While looking for some code to use for a screenshot because Microsoft rejected my first WP7 submission due to the original icon I used, I came across some code from a graduate class I took. The class was on intelligent systems. The main tool we used in that particular class was Weka. Weka comes with some sample datasets, and there are a variety of sites that have datasets that Weka can use. My group was looking at a dataset of poker hands, although like the dataset creators, we didn’t have much luck. Their dataset had random cards with suits. I think the same card couldn’t appear twice, although I am not completely sure on that.
The objective of having the dataset would be to feed Weka a list of hands with a value to represent what the hand was. Weka would then create a model by learning how to classify a poker hand without knowing any rules of poker. We would then use the model in another program to have it determine what the hand was.
One issue with their dataset was that without pre-processing of the data, a suit mattered as much as the card value. Order also seemed to effect the classification because 2,3,4,5,6 may get classified differently than 2,4,3,5,6. Since they made the dataset to simulate real hands being drawn, the statics are about the same for the hand types. I think they had actually had to add some royal flushes manually because they didn’t randomly produce any. The problem with a dataset consisting of small amounts in some of the classifications is that the model would have trouble correctly classifying those because it had not been trained enough with them. Also, being 5 or so off of a specific group is not seen as a big issue when there are thousands of sample hands.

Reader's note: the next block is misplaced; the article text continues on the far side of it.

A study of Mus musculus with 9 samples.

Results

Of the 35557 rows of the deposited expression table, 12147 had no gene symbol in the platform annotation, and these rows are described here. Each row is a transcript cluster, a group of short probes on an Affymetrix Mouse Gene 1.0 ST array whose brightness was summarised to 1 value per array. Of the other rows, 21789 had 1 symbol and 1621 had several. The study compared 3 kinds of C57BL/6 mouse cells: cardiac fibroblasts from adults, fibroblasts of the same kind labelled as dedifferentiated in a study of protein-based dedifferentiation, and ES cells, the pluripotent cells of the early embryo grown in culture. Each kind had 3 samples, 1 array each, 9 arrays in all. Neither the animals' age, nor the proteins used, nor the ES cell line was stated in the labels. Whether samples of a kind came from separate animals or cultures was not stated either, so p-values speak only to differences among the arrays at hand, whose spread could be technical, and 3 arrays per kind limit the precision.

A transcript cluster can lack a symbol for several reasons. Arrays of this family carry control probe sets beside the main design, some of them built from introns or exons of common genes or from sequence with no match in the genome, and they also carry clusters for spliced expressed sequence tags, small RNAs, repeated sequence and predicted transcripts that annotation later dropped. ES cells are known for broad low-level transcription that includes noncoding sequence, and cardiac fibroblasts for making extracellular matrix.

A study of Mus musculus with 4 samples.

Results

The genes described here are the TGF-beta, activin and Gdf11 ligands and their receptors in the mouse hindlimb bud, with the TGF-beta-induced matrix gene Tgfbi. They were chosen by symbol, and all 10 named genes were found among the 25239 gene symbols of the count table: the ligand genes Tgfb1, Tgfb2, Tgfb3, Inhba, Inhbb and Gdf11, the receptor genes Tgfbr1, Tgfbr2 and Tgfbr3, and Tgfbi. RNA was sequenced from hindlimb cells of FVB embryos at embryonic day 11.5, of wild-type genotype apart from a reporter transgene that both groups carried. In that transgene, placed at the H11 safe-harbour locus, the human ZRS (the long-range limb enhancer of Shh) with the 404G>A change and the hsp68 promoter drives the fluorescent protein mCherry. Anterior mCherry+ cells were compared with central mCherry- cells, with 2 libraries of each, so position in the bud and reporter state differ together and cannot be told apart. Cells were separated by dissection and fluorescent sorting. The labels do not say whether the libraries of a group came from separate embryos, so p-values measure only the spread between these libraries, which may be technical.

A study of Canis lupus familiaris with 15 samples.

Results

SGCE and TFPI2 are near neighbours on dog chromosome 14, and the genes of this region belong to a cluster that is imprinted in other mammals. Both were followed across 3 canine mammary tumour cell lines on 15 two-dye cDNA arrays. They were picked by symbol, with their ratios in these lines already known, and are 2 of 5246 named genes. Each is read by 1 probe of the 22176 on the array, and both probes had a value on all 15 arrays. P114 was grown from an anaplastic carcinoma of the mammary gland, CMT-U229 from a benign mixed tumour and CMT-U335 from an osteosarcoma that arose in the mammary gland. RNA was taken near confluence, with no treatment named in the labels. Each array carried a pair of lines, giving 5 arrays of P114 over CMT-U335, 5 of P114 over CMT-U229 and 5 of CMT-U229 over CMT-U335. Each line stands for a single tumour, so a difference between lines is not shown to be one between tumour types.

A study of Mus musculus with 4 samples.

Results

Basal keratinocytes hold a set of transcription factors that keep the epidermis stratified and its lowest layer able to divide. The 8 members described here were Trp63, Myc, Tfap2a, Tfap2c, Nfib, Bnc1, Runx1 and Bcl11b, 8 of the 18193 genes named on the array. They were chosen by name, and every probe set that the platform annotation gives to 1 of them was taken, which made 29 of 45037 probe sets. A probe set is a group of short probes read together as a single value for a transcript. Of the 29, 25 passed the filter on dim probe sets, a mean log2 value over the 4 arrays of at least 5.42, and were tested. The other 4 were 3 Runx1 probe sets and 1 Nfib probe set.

I created a program to create an ARFF file (basically a csv file with Weka headers) which consisted of n hands that were evenly distributed. Basically it randomly picks the hand type, and then randomly creates a hand that fits the chosen type. We ignore the suit because in reality it doesn’t really matter, what matters is whether or not the suit of the cards is the same. We have one field for that. The cards are also ordered after the hand is picked in order to eliminate the order classification issue. We didn’t see that as an issue because that could be something people do mentally while playing poker. If anyone wants to use this file, I have uploaded it here.
The classifiers in Weka that we used were JRip and Multi-Layer Perceptron. Using a JRip model would correctly classify 89.76% of the time. Our model with the multi-layer perceptron classified correctly 97.37% of the time. Using the generated models, another group member made a java app that would allow the user to create a poker hand and use the model to classify it.
Update 1/19/2012: I posted the source to the above program on GitHub a little while ago to test Git for work. It is available here.